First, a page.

Byline: Rosemary Feitelberg

NEW YORK — DuPont is at it again.
The company says it aims to “revolutionize” the hosiery industry with its new Lycra spandex 178C, which was designed to improve the durability, fit and comfort of Lycra 3D products.
Lycra 3D, until now the latest hosiery innovation in Lycra, was introduced in the U.S. in late 1994. It uses conventional Lycra, but with the fiber knitted into every course, as opposed to the established construction in which Lycra is wrapped around only the horizontal rows of the nylon.
Brian Coleman, development manager for hosiery for DuPont Lycra, came here this month from his headquarters in Geneva to introduce Lycra 178C to domestic knitters, manufacturers and retailers, heralding the product as the most important advancement since Lycra.
Launched in Europe at the Salon International de la Lingerie in late January, Lycra 178C should be available to U.S. consumers by next spring, Coleman said. Lycra 178C was one of two new Lycra types DuPont introduced at the Paris show. The other — Lycra Soft, or type 902C — was aimed initially at the innerwear market, but is expected to target the hosiery market later.
Lycra 178C, an 18 denier product, is made from a different Lycra polymer and retains a more defined leg shape when exposed to heat, Coleman said. “This is a very permanent move for the future of the hosiery industry,” he continued. “There is a need to upgrade product and regain consumer confidence. This is one positive way of doing it.”
Lycra 3D products account for 3 percent of sheer pantyhose sales in the U.S., compared with 5 percent in Europe and 20 percent in Japan, Coleman said. He declined to comment on projected volume for Lycra 178C.
DuPont is currently sourcing the yarn through its Japanese subsidiary, DuPont-Toray, but is looking for sites in Europe and the U.S. to increase production capacity.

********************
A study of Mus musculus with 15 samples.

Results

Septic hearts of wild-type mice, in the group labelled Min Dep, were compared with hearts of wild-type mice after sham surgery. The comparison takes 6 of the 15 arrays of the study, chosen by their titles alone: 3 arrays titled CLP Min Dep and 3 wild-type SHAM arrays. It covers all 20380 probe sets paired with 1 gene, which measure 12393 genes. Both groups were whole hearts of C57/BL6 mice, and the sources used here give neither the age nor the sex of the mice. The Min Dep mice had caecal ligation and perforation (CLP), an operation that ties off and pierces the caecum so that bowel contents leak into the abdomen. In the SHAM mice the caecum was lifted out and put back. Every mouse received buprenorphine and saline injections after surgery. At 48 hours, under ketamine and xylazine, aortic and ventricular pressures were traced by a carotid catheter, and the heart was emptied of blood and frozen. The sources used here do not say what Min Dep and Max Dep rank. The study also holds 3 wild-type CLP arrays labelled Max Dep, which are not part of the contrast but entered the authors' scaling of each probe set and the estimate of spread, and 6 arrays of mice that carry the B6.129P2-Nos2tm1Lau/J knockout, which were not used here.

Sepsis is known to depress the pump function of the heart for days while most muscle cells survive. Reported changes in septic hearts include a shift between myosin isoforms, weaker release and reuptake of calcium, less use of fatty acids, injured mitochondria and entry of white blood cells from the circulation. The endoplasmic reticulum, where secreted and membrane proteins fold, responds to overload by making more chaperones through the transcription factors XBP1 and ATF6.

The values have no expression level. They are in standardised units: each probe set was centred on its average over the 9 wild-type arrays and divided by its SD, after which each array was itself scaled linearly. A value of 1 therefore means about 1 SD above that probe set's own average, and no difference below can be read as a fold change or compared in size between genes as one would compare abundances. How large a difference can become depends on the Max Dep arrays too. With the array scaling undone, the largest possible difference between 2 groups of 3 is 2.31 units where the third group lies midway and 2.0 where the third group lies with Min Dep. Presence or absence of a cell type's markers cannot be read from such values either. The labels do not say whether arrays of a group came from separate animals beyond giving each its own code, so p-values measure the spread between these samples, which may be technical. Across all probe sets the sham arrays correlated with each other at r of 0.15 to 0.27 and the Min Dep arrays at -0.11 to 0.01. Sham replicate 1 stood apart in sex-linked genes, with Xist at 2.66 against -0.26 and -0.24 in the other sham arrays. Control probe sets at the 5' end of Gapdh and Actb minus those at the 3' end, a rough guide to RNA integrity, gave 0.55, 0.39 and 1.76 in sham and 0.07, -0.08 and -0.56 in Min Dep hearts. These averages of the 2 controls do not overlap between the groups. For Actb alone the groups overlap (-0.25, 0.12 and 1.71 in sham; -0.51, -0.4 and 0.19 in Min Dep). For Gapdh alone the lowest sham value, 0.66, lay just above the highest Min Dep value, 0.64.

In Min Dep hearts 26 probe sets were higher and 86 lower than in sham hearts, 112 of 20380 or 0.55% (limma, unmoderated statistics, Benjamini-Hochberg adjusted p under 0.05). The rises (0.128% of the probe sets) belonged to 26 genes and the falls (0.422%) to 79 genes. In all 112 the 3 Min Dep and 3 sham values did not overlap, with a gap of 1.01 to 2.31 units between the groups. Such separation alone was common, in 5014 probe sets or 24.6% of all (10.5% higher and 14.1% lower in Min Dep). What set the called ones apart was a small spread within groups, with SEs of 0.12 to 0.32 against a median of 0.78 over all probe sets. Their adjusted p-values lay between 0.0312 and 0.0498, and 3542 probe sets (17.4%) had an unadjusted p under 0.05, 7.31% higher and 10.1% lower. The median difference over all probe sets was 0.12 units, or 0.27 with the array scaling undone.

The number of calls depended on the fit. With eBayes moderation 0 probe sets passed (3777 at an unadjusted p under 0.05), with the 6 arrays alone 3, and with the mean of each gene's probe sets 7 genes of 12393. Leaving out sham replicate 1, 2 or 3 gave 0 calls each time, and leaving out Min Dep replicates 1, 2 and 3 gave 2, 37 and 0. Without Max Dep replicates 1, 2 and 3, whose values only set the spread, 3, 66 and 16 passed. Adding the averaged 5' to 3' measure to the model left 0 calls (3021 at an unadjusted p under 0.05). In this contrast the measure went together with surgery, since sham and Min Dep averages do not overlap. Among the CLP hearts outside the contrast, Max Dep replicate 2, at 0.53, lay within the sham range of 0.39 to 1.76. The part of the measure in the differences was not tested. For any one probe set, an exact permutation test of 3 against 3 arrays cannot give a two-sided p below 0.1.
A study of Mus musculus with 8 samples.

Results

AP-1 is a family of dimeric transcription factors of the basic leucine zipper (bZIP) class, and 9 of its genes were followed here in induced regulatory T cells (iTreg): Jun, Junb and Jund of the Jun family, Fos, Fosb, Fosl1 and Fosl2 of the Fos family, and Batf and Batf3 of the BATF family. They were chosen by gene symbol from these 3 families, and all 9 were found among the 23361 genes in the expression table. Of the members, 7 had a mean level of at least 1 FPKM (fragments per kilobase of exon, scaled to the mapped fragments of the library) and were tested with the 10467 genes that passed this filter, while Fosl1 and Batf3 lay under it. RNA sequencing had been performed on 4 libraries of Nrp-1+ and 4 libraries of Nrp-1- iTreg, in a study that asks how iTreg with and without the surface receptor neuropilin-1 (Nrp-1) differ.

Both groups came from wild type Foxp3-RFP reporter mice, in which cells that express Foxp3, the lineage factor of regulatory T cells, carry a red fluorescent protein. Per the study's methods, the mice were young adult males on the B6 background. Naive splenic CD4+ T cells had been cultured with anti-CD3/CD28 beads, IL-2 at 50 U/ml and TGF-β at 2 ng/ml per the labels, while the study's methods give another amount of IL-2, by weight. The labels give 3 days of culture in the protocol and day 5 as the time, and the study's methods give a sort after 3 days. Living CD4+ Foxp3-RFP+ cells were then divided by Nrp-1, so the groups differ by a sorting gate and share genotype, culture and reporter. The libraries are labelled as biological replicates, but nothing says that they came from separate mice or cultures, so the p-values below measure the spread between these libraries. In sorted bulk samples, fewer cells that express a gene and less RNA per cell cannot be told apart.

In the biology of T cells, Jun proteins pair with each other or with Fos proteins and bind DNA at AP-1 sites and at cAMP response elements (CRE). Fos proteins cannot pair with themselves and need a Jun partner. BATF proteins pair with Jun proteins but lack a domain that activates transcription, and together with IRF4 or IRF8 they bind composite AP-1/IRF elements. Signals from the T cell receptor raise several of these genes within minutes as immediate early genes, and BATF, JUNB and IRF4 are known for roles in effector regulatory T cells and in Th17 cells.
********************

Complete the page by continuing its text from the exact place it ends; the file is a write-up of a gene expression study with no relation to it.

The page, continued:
Legwear manufacturers are enthusiastic about the qualities of the new product, but have reservations about the fast pace of development and the higher prices that might be required.
“Technology is moving so fast that we don’t have time to position one thing, and they’ve introduced another. It’s good, but it’s a challenge for us in terms of marketing,” said Joni Zeller-Claxton, vice president of hosiery design for Ithaca Industries. “It’s like buying stereo equipment; once you buy it, it’s obsolete.”
Determining how Lycra 178C works with existing products is the only real question, she said.
Nevertheless, Zeller-Claxton said she is excited about it and eager to see some samples next month.
“I can’t imagine why consumers wouldn’t prefer this since they’re not that price-sensitive,” she said. “If it’s perceived as added value and something new they can add to their hosiery wardrobe, they’ll buy it.”
Others, however, said price remains an issue with consumers.
“It’s a real premium product, but extremely pricy,” said Heinz Altmann, director of product development for Ridgeview Hosiery, who said the new Lycra could increase the price of typical pantyhose least 20 percent.
However, Ridgeview plans to introduce a group made of Lycra 178C in its licensed Ellen Tracy line by next fall, he said.
The company plans to survey about 2,000 consumers who purchase the designer’s sportswear to determine the target customer for the Lycra 178C.
“At this point, we’re not ready to scrap the old to bring in the new,” Altmann noted.
Rachel Waller, merchandise manager for Jockey International, said price is always an issue for consumers.
However, the company is exploring the new Lycra and plans to have Jockey employees and consumers test-wear two or three styles over the next few months, she said.